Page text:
An advanced manual of teaching for teachers of elementary and higher schools


Page 48 - Oft did the harvest to their sickle yield, Their furrow oft the stubborn glebe has broke ; How jocund did they drive their team afield ! How bowed the woods beneath their sturdy stroke ! Let not Ambition mock their useful toil, Their homely joys and destiny obscure.
Page 54 - The [*418] royal navy of England hath ever been its greatest defence and ornament ; it is its ancient and natural strength ; the floating bulwark of the island...
Page 30 - The latent tracts, the giddy heights explore Of all who blindly creep, or sightless soar; Eye Nature's walks, shoot folly as it flies, And catch the manners living as they rise : Laugh where we must, be candid where we can; 15 But vindicate the ways of God to man.
Page 32 - Gallia est omnis divisa in partes tres, quarum unam incolunt Belgae, aliam Aquitani, tertiam, qui ipsorum lingua Celtae, nostra Galli appellantur.
Page 9 - How to live? — that is the essential question for us. Not how to live in the mere material sense only, but in the widest sense. The general problem which comprehends every special problem is — the right ruling of conduct in all directions under all circumstances.
Page 9 - To prepare us for complete living is the function which education has to discharge; and the only rational mode of judging of any educational course is, to judge in what degree it discharges such function.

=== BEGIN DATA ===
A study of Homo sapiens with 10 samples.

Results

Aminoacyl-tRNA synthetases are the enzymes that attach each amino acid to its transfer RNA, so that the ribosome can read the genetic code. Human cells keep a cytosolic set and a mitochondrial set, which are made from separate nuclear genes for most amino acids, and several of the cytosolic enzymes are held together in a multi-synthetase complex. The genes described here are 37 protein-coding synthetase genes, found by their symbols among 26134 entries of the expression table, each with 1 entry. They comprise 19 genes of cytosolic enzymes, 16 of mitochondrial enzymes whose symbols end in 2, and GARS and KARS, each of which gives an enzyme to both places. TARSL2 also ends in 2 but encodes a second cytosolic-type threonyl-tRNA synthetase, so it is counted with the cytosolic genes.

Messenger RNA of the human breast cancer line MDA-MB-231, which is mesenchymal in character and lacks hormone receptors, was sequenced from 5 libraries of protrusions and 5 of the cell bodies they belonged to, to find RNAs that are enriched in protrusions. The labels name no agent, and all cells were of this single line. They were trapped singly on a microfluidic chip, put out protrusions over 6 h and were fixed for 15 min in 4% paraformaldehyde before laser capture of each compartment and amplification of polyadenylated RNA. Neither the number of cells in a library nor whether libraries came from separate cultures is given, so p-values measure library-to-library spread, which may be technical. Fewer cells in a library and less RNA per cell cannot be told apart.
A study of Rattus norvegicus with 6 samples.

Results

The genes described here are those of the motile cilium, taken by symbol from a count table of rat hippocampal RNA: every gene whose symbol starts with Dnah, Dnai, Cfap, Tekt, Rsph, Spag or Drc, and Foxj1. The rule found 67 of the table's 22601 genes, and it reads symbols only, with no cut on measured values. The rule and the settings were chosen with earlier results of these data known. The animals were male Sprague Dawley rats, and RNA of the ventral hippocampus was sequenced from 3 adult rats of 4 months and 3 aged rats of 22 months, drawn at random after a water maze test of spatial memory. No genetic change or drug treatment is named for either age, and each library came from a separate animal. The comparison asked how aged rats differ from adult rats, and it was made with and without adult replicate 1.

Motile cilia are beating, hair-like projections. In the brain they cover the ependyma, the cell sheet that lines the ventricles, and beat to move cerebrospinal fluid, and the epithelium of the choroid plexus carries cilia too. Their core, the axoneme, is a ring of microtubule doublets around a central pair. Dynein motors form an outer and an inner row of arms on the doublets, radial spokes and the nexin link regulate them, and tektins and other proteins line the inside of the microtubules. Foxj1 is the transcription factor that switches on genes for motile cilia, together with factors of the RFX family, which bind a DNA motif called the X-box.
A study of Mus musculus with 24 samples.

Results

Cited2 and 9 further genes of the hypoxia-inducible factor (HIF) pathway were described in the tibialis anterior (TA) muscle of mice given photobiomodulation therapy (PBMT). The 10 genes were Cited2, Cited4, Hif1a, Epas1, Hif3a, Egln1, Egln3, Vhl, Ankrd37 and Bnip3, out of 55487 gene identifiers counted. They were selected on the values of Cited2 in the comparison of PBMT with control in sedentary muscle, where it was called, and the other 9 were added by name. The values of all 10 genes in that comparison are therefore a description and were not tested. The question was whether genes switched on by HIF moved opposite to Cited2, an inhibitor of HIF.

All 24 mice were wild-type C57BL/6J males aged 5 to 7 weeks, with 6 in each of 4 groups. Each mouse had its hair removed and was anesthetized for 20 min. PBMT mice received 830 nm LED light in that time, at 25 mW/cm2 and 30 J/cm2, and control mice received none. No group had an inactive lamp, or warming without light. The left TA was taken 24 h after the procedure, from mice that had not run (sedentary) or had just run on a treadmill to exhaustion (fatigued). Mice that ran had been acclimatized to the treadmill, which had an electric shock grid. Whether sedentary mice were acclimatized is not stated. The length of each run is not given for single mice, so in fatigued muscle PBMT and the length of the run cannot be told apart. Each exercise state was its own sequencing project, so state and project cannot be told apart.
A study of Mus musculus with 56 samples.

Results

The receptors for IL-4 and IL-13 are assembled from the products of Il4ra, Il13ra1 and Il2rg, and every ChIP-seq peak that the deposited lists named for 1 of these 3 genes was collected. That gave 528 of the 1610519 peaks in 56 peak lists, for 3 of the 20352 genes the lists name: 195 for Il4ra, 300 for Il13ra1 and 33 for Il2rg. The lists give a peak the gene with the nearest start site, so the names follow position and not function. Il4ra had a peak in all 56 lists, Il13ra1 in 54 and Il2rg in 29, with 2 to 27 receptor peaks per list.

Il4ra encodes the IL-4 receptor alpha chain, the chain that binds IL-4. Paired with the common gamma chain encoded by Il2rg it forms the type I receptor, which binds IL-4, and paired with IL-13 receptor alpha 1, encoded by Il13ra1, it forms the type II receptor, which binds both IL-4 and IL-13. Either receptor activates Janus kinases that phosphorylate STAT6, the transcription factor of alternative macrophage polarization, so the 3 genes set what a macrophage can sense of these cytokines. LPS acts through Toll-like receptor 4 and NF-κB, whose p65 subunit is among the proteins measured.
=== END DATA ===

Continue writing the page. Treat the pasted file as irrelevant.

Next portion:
Page 9 - In what way to treat the body; in what way to treat the mind; in what way to manage our affairs; in what way 'to bring up a family; in what way to behave as a citizen ; in what way to utilize all those sources of happiness which Nature supplies; how to use all our faculties to the greatest advantage of ourselves and others; how to live completely. And this being the great thing needful for us to learn, is, by consequence, the great thing which education has to teach.
Page 27 - ... itself by nature is, or hath in it harmony ; a thing which delighteth all ages, and beseemeth all states; a thing as seasonable in grief as in joy ; as decent, being added unto actions of greatest weight and solemnity, as being used when men most sequester themselves from action.
Page 34 - Elizabethan writers : — that, lastly, to what was thus inherited they added a richness in language and a variety in metre, a force and fire in narrative, a tenderness and bloom in feeling, an insight into the finer passages of the Soul and the inner meanings of the landscape, a larger and wiser Humanity,— hitherto scarcely attained, and perhaps unattainable even by predecessors of not inferior individual genius.